Friday 6 April 2018 / 12:01 AM Margaret Greenwood / Work and Pensions

Chaotic mortgage support changes put low income households at risk of debt – Margaret Greenwood MP

Chaotic mortgage support changes put low income households at risk of debt – Margaret Greenwood MP

Today, Friday, 6th April, help through the social security system for homeowners on low incomes to pay mortgage interest will change to a government loan. This loan will have to be repaid and the process will be managed by private company, Serco.

Labour has sounded the alarm over the change, warning it risks causing real hardship for homeowners on low incomes.

People eligible for Support for Mortgage Interest include those on very low incomes who are claiming a qualifying benefit because they are unemployed, there is a shortfall in their pension or they are ill or disabled, after a 39 week qualifying period.

The Government originally estimated just 5 per cent of working age recipients, and 8 per cent of pensioners would not take up the loan. However, as of 21st March, 30 per cent of all claimants (27,000 people) had already declined the loan and only 14 per cent (13,000) had accepted.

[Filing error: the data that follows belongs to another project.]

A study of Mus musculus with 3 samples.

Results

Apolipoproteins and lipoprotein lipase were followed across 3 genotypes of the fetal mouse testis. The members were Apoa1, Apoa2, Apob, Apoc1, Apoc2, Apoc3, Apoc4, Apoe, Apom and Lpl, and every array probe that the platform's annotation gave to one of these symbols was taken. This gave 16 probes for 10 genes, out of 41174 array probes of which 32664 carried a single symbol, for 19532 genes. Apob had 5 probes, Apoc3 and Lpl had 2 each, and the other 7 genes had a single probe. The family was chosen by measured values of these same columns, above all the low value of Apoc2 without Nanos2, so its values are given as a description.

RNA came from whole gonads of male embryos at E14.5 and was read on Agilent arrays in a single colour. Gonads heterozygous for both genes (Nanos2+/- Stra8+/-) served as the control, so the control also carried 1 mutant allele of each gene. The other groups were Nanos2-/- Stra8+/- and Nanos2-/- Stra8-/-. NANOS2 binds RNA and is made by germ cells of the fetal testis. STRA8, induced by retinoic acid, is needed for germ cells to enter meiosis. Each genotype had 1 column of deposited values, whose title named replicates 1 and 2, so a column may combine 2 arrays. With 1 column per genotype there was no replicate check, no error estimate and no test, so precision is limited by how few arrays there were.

According to the latest government figures, 90,000 people receive SMI, of which just under 40 per cent of are low income pensioners in receipt of Pension Credit. Age UK has warned that some pensioners might try to cope without the loan by cutting back on essentials like heating.

The government’s own figures reveal the chaos around the changes: as of 21st March 5,000 people had not even received an initial letter from DWP informing them of the change, and SERCO, on the DWP’s behalf, had also still not managed to contact another 31,000 – over a third of claimants – by telephone to explain the change.

Under the Government’s plans, people who are elderly or disabled and need to move to specialist residential care would be forced to pay back the loan on selling their home, leaving them with less to cover the cost.

Margaret Greenwood MP, Labour’s Shadow Work and Pensions Secretary, said:

“It is worrying that the government seems determined to push ahead with this change despite the risk of it causing real hardship for people on low incomes.

“Many of the people who claim SMI are elderly or disabled, and it is extremely concerning that pensioners might try to cope without the loan by cutting back on essentials like heating.

“Even at this late stage the government could and should think again and halt this change.”